Chandra Khonnokyoong (20 January 1909 – 10 September 2000) was a Thai Theravada BuddhistDhammakaya nun who founded the Wat Phra Dhammakaya organization. Her full title, as called by her own disciples (not an official title), was Khun Yay Mahā Ratana Upāsikā Chandra Khonnokyoong. She is also known within the Dhammakaya movement as “Kuhn Yay Acariya,” a title meaning “respected lady master of advancing years.”
On 20 January 1909, Kuhn Yay was born in a farming family in Nakhon Pathom province, of Thailand. She never had a formal education. She claimed that her original reason for practicing meditation was to reach her late father in his afterlife realm to apologise to him for her childhood wrongs and that she wanted to overcome the curse of deafness put on her by her drunken father. Her father died in 1921, but without the opportunity for Kuhn Yay to ask him to lift the curse.
In 1927 upon hearing that Phramonkolthepmuni had discovered the Dhammakaya School of Buddhism included knowledge of heaven and hell, she entered domestic service in Bangkok, seeking for someone who practised meditation at Wat Paknam Bhasicharoen. She discovered the household of Liap Sikanchananand in Saphan Han, Bangkok who invited a nun called Thongsuk Samdaengpan from Wat Paknam, to teach meditation at their home. Kuhn Yay applied to be a maid in their household, intending to practise meditation with the nun. She practised meditation with Thongsuk Samdaengpan for about two years, and she claimed to have attain the Dhammakaya and was able to contact her father.
Monastic life and claim of miracle during WW II
She decided to ordain as a nun and was taken by Upasika Thongsuk to meet Phramonkolthepmuni. He allowed her to join the most experienced group of meditation researchers in the temple and was ordained the following morning. She quickly became his most outstanding disciples whom the Abbot praised as “first amongst his disciples – second to none.” Dhammakaya followers firmly believe that by meditation, she and Luang Por Sodh prevented Bangkok from being bombed by the Allies during the Second World War, as the then government of Thailand sided with Japan and the Axis powers. They also believed that she had miraculously caused the atomic bombs (allegedly)aimed for Bangkok to fall onto Hiroshima and Nagasaki instead, a claim that was later ridiculed and criticized by many non-believers of the Dhammakaya school in Thailand, including Thai historians and senior Buddhist scholars and monks.
Teaching the Dhammakaya
After Phramonkolthepmuni died in 1959, Kuhn Yay transmitted the Dhammakaya tradition to a new generation at Wat Paknam Bhasicharoen. Her teaching became so popular that when in 1975 the number of students exceeded the capacity of Wat Paknam she realized the time had come to establish a new meditation centre. When her young disciples graduated from university, Kuhn Yay allowed them to ordain as monks. The first wasPhrathepyanmahamuni. A 80 acres (320,000 m2) plot of paddy-field was donated by a high-ranking lady, landowner for the purpose of building the temple. (It is this land which is now forms the Temple Compound of Wat Phra Dhammakaya.) Having only 3,200 baht ($80) to their name, the group of“Descendants of Dhamma” headed by Kuhn Yay began establishing the temple after making the following vow:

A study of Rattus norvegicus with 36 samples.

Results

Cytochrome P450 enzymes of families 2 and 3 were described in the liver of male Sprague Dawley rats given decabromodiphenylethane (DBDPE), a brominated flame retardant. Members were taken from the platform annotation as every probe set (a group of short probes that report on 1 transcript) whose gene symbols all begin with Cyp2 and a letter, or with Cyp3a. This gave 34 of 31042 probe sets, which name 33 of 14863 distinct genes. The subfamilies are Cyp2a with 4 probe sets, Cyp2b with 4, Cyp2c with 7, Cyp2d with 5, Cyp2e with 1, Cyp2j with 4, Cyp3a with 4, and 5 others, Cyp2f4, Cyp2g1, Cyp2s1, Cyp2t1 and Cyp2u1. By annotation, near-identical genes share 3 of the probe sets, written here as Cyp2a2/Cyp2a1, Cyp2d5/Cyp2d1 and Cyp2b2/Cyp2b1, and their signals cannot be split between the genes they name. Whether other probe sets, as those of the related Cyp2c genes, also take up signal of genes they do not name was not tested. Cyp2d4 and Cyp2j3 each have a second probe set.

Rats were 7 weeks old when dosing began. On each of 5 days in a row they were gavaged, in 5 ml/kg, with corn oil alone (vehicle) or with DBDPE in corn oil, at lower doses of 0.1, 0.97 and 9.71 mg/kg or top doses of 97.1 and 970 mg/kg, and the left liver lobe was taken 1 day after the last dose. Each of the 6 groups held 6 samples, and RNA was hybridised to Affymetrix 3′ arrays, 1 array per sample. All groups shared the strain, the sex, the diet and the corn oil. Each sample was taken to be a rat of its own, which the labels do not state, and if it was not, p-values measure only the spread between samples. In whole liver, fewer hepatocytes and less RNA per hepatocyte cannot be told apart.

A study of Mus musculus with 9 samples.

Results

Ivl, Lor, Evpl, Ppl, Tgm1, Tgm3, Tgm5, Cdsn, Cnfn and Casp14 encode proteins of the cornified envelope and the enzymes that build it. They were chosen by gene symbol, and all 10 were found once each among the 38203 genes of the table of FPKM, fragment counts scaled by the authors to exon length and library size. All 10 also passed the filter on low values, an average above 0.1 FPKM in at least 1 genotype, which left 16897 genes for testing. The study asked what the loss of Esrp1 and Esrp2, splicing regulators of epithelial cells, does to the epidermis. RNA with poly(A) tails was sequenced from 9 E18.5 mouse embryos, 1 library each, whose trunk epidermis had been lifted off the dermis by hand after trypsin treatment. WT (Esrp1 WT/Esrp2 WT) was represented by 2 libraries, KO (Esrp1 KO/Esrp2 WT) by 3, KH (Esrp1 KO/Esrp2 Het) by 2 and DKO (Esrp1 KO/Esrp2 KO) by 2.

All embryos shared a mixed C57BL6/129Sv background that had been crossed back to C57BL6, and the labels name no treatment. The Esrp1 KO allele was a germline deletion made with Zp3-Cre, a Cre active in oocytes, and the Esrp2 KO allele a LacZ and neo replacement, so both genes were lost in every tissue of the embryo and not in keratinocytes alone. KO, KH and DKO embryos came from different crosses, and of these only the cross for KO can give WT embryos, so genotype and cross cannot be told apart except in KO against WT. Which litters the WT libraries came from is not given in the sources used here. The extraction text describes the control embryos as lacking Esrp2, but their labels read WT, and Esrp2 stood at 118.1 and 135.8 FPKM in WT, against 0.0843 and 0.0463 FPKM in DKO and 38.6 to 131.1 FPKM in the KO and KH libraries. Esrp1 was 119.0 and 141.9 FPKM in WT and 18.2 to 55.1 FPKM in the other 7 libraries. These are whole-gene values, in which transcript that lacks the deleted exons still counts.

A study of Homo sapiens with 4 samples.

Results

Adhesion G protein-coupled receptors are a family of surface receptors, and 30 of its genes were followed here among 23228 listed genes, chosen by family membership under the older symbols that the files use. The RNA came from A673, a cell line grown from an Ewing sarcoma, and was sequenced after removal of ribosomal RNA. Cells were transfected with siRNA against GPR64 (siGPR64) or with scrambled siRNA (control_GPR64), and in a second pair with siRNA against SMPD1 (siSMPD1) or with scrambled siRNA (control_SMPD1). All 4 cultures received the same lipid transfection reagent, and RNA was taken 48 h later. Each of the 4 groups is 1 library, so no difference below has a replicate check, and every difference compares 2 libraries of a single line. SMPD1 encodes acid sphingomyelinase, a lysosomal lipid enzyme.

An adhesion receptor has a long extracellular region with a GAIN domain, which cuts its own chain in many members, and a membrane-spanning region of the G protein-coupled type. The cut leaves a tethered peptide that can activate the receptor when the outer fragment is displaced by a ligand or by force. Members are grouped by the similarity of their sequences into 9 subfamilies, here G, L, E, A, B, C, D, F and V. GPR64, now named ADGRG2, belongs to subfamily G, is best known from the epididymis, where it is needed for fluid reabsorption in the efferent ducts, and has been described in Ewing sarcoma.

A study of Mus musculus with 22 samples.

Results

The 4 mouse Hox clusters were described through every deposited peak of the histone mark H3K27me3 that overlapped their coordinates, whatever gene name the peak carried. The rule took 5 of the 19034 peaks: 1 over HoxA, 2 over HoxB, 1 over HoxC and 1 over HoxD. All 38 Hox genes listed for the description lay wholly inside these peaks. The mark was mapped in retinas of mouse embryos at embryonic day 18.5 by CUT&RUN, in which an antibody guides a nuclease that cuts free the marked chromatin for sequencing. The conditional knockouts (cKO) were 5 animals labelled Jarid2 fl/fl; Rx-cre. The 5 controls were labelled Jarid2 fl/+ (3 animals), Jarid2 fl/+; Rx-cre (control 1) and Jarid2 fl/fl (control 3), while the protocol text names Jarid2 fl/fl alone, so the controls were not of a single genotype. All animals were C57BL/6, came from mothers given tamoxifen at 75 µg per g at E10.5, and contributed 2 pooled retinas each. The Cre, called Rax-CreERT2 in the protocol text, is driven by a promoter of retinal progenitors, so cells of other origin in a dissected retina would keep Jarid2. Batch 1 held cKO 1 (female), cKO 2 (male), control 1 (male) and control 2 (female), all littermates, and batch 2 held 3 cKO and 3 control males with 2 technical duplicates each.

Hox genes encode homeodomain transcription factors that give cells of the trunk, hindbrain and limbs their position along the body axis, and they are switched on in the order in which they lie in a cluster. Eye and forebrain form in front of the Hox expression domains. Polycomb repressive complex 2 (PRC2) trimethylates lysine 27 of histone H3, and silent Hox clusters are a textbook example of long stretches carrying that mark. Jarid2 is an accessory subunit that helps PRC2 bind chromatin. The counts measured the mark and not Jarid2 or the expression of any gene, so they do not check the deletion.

“We will devote all our flesh and blood, body and mind, intelligence and wealth to worship the lord Buddha in order to set up a meditation centre following the Way of Dhammakaya.”
Although illiterate, she is renowned as an example of non-academic Dhamma training as she attracted students, many of whom were graduates. She is credited as the founder of Wat Phra Dhammakaya, Patumthani, Thailand.
Soon Buddhacakka Patipatdhamma
The temple was first established on Magha Puja Day, 20 February 1970, as the meditation centre called “Soon Buddhacakka Patipatdhamma” (“the Dhamma Practise Centre”). Phrathepyanmahamuni and Kuhn Yay took responsibility for the finances of the establishment, and the lay-supporter who is now the Most Ven. Phrabhavanaviriyakhun, took responsibility for building on the site. Every canal in the Temple Compound was dredged and excavatedby the volunteers and the trees in the temple were planted by hand. While working to plant the trees, she became seriously under-nourished and at one time came dangerously close to death. She recovered under the medical attention of a doctor from Chulalongkorn University and continue to participate in the life of the temple community.
During the period of establishment, Kuhn Yay sought finance to support the centre and set the regulations for life in the centre. With Great Abbot’s organizations as an example, she created all the rules for the temple community. Nowadays a monk must receive guests in public rooms rather than in his living quarter. And male and female meditators are segregated on either side of the Dhamma Hall, as a result of Kuhn Yay’s directives.
In her old age Kuhn Yay was still very active in all activities of the temple. Given the success of the temple, many people are surprised to discover that a small illiterate nun of advancing years oversaw the running of the temple.
Khun Yay died peacefully on 10 September 2000 at Kasemrat Hospital, Bangkok. When her funeral was held, on 3 February 2002, 100,000 monks from 30,000 temples throughout Thailand attended to show their final respects.